3 Thoughts on texas forclosure-how long before you have to leave?
  1. Reply
    June 30, 2013 at 5:26 am

    probably never.

    many of those forced to leave have not made a payment in 1.5 yrs.

  2. Reply
    June 30, 2013 at 6:07 am

    This will vary widely from state to state and you should be consulting with an attorney with expertise in this field if your case has gone this far. The process in Massachusetts is as follows:

    1. When someone has taken your house at foreclosure they can send you a legal notice to leave the premises under a 72 hour notice.
    2. If you fail to leave after the 72 hours has elapsed the new owner must go to court to present his case before a judge that you should be evicted.
    3. At a hearing the judge will decide if you are to be evicted or not as well as how long you may stay in the house before you must go. Your willingness to pay rent will play a large role in granting more time.
    4. If the judge finds against you and you are unhappy with his ruling you have 10 days to appeal his decision.
    5. If you have been ordered evicted and you have not moved out on your own by the day designated by the court the new owner may obtain an execution of the eviction judgment which will give a sheriff the right to physically remove you from the premises.
    6. A sheriff gives you notice of the execution and as little as 48 hours to move.
    7. Anything left in the house is moved by the sheriff into storage, where you will have to pay fees to get it back, locks are changed, resistance at this point may subject you to arrest.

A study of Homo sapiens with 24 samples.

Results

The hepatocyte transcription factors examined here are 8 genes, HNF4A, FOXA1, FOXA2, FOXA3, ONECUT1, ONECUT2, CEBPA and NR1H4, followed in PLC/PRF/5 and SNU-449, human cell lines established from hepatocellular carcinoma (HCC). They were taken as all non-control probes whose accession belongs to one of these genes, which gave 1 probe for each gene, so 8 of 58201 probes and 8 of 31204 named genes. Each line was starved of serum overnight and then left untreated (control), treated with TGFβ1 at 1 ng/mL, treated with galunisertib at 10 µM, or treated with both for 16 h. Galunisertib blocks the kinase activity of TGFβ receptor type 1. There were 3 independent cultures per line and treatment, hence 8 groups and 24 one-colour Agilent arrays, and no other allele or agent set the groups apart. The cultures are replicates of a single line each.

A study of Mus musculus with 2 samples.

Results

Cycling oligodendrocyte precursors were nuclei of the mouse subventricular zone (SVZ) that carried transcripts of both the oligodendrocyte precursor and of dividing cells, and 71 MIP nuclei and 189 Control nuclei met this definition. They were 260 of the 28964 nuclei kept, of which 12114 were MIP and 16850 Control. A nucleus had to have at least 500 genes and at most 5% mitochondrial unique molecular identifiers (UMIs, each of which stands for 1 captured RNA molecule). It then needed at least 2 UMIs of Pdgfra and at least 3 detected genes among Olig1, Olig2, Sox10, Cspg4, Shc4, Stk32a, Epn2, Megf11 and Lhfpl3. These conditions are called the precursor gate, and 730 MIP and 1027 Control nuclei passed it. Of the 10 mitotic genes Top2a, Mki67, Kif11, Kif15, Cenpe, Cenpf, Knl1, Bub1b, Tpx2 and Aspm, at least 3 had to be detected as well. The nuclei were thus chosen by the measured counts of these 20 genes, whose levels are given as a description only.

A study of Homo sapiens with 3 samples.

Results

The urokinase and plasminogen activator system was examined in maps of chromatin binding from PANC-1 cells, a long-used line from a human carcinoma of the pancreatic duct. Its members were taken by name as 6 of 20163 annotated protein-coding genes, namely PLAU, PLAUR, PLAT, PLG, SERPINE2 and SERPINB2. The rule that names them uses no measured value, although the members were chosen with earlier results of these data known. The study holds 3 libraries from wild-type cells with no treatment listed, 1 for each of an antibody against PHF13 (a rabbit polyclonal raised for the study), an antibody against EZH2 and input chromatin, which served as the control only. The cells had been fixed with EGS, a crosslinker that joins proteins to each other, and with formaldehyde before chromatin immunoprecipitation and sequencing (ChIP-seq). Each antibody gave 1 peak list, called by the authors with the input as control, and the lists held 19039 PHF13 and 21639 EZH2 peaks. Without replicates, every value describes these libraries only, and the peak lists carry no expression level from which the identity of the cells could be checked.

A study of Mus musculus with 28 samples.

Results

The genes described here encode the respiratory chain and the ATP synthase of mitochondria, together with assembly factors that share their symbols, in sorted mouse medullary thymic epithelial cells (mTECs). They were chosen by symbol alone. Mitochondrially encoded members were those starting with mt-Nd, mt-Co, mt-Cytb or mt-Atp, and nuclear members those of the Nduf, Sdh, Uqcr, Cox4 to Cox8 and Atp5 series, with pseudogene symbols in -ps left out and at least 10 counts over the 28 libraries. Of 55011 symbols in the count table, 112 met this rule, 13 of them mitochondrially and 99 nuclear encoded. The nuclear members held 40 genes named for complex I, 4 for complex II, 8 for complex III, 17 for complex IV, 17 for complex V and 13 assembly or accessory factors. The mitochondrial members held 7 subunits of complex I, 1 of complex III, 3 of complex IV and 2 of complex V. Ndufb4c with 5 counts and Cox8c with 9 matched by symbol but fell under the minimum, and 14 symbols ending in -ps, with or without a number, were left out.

3. Reply
    Brenda W
    June 30, 2013 at 6:19 am

    I’m an agent in Texas and from what I have observed, it depends on who it is servicing your loan. If it’s a servicer buried under a mountain of files to be foreclosed, it could be several months. It also depends on how systematic they are, in which case it may be three months before they begin the process. There is no definitive answer since those days of missing one payment = foreclosure is not the case in today’s world. Calling your servicer is the only one who has the right answer for YOU.

    Word to the wise: communicate, communicate, communicate. First, they want to know that you are in fact still living there. By that, you are letting them know the property has not been abandoned, and there is someone there to maintain the property. Then let them know your circumstance, and when they can expect a payment. Let them know you do not want to foreclose, and you are doing everything possible to prevent that. No mortgage servicer wants your house anyway, especially if there’s no equity or if upside down. They may even offer to modify your loan, which is a hit and miss as to whether or not that would be the way to go.

    If you were to go to http://www.auction.com, you’ll find there are properties getting sold out from under the owner with their families still living in the home, noting that it will be the responsibility of the buyer to evict the current resident(s). Not bad, considering if it’s an investor purchasing the property, he may possibly want to structure a lease for the family to remain in their house. Or the investor could offer a lease option offering the option to purchase the property back when they are willing and able to do so.

    Hook up with a real estate agent that specializes in distressed sales, more specifically short sales, and see if they can’t share with you options best suited to your situation. The agent with the CDPE designation is best. (CDPE is the acronym for Certified Distressed Property Expert.) A short sale may be the way to go. It’ll save you from foreclosing, something you definitely do not want to appear on your credit report. And with a short sale, you can remain living in the house while it is being marketed. Once a qualified buyer is found, at least then you’ll know exactly when you would need to be out and to plan accordingly.